Turning Discomfort Into Opportunity

How often do you have hard conversations with your employees? Conversations where you may have to address an issue they have, or talk about something you are struggling with. Chances are, you try to avoid these conversations — we all do. They can be uncomfortable and awkward, and it is easy to convince yourself that they are not worth your time.

You have to force yourself out of this thinking, though, since your employees are always watching and mirroring your actions. If you cannot be honest with how you are struggling, your employees will follow suit. Being honest enables trust, and allows your employees to relate with and confide in you, stimulating growth and creating a comfortable work environment.

Below, I’ve written a few ways for you to take advantage of those tough conversations. Following these steps can prevent the numbing that happens when people begin to feel vulnerable and anxious. Instead of searching for ways to avoid confronting issues, your employees will begin to lean into their discomfort and confront it. Attending to one’s fears and feelings will result in higher levels of productivity, since it prevents ineffective behavior and can stop issues from turning into bigger problems. 

Here are some steps to turn those conversations into opportunities for deeper relationships and growth within your organization. 

  1. Start more conversations.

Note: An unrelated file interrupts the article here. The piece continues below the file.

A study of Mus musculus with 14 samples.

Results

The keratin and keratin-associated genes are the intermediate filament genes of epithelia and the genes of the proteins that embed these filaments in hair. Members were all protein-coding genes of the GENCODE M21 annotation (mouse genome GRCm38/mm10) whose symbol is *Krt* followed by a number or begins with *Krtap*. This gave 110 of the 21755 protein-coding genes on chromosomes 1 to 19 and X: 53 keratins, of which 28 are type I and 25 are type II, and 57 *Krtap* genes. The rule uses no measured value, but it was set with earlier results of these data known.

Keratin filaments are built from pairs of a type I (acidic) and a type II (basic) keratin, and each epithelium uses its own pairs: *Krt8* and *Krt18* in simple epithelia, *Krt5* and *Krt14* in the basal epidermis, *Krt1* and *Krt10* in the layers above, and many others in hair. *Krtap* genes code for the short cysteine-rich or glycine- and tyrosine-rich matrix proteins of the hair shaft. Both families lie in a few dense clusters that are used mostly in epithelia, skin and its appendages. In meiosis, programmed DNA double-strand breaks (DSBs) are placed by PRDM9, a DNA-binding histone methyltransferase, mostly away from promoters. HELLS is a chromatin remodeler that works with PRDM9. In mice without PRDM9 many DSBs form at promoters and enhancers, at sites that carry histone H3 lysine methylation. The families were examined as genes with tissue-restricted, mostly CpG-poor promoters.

• Having hard conversations with your employees conveys that it is safe to discuss certain topics within your workplace and with you. 
  2. Remember, it’s not about you. 
    • In Daring Greatly, Brene Brown writes that daring leadership is about serving other people, not ourselves. Having hard conversations might be uncomfortable for you, but remember, it is not about you: it’s about making your employees feel comfortable and at ease in trusting you with their issues. 
  3. Be clear
    • Tell your employees exactly what you’d like for them to work on. Being absolutely clear prevents other issues from arising, like talking behind people’s backs, or missing opportunities for real growth for your employees. 
  4. Acknowledge and reward great questions
    • When your employees tell you they aren’t sure, but would like to find out, reward them. Eagerness to learn is an exceptional quality. If your employees see your excitement when they respond to problems in this way, they will continue to look for ways to learn instead of letting the issue sit and stagnate. 

Brene Brown put it simply when she wrote, “we have to have the hard conversations even when we’re not ready.” It’s not easy, but in practicing these skills, you will be able to effectively communicate with your employees and develop stronger relationships with them. Remember, a daring leader is one who can be vulnerable and open about their own issues, enabling employees to follow their lead. 

Are you interested in exploring how to develop honest relationships with employees and confront tough conversations? You can reach me via my website, LinkedIn, and Twitter. I look forward to hearing from you.